United States: Ninth Circuit Upholds Injunction Against Entry Ban
The Court of Appeals has declined to lift a lower court injunction that prohibits the Trump Administration from enforcing an entry suspension against nationals of six restricted countries and refugees from any country, but will allow the Administration to go forward with a worldwide visa security review. The decision comes as the U.S. Supreme Court is considering a Trump Administration request to lift two injunctions and consider whether the president has the constitutional authority to implement the entry ban.
The U.S. Court of Appeals for the Ninth Circuit has upheld a lower court injunction and declined to reinstate an executive order that sought to suspend the entry of nationals of Iran, Libya, Somalia, Sudan, Syria and Yemen and all refugees to the United States. The Ninth Circuit explained that though federal immigration law vests the president with broad authority to make national security judgments concerning immigration, in this instance, the executive order did not provide a sufficient national security justification for the entry ban. The court vacated a portion of the lower court injunction that prohibited the government from conducting a worldwide review of visa security policies. The case is State of Hawaii v. Trump.
The ruling comes one month after the Fourth Circuit Court of Appeals affirmed a Maryland district court judge's decision to stop the entry ban from taking effect on constitutional grounds. The Fourth Circuit ruled in International Refugee Assistance Project (IRAP) v. Trump that the entry ban violated the First Amendment's prohibition on religious discrimination.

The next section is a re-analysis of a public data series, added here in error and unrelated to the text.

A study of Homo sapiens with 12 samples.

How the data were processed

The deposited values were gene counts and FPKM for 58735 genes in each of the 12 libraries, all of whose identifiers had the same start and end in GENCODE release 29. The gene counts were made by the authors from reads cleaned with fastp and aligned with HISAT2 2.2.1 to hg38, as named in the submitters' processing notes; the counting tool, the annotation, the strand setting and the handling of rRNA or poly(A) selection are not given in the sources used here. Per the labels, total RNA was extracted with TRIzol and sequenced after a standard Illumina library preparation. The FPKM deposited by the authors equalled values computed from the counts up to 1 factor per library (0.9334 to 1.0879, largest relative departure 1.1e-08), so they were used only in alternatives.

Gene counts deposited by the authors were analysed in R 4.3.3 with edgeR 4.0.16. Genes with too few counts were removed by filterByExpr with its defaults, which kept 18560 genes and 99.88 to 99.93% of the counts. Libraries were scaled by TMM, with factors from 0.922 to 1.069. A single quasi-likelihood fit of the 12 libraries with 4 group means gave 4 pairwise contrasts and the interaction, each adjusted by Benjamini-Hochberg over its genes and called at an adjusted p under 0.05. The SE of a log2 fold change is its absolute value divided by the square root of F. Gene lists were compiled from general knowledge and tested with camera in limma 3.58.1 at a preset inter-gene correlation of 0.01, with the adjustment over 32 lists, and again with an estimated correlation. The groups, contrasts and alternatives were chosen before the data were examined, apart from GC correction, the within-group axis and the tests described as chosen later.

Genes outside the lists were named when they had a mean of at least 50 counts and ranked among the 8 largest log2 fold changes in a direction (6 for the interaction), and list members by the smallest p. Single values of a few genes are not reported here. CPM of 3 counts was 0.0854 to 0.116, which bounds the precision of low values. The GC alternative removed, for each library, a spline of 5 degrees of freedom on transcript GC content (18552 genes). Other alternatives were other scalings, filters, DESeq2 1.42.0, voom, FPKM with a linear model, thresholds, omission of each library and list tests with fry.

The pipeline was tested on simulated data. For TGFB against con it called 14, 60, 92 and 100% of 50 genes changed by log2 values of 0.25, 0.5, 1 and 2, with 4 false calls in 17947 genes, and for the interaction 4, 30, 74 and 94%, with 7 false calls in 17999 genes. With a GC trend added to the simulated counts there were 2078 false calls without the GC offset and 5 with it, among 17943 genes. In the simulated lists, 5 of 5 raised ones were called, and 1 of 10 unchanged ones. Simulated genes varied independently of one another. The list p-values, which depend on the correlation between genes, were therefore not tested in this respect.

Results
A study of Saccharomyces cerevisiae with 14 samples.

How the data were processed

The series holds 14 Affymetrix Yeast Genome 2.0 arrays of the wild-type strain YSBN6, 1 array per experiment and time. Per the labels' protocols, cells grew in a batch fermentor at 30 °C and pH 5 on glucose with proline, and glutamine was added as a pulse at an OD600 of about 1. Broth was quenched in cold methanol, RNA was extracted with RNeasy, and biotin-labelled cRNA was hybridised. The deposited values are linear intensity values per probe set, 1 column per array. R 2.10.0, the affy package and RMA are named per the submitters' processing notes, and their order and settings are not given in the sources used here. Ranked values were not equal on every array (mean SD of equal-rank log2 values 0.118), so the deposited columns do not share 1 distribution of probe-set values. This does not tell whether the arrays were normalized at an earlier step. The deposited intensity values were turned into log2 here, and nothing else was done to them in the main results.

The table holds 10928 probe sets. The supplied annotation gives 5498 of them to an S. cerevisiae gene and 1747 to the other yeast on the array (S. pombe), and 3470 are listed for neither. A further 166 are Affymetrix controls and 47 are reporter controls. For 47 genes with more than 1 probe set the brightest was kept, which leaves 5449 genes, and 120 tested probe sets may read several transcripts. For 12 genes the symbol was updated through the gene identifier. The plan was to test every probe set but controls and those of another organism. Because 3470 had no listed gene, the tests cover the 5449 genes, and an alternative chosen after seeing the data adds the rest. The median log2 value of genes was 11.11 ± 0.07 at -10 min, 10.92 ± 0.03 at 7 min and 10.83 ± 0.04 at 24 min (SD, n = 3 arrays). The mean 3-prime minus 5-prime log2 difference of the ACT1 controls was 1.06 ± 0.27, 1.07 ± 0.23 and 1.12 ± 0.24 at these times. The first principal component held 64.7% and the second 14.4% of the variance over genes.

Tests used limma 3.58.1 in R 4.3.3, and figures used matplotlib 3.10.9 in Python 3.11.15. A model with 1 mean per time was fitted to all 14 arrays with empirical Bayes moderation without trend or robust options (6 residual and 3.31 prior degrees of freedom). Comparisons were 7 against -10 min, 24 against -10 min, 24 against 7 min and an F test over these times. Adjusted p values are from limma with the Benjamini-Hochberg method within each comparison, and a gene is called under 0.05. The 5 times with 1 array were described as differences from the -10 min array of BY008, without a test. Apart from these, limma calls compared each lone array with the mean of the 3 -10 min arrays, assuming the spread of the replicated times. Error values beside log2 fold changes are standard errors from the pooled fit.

The Trump Administration has already asked the Supreme Court to lift the two federal court injunctions against enforcement of the entry ban, and to grant review of the Fourth Circuit's decision to consider whether the president has the power under the Constitution to implement the entry ban. The State of Hawaii and IRAP submitted briefs in opposition to the Administration's requests on Monday. The Supreme Court is expected to rule on those requests in the coming days.
What This Means for Foreign Nationals
The two injunctions against enforcement of the entry ban remain in place. Unless and until the Supreme Court agrees to the Administration's request to lift the injunctions, foreign nationals who would be subject to the executive order may continue to apply for visas and enter the United States, provided they are otherwise admissible. However, nationals of restricted countries should contact their immigration counsel for updates before traveling abroad or returning to the United States.
The Ninth Circuit's decision to vacate part of the lower court's injunction means that the Trump Administration can go forward with a planned worldwide review of the visa security policies of foreign countries. Nationals of countries that do not cooperate in the review could be subject to U.S. visa restrictions. Fragomen is closely monitoring the status of the executive order and will issue updates as developments occur. This alert is for informational purposes only. If you have any questions, please contact the immigration professional with whom you work at Fragomen.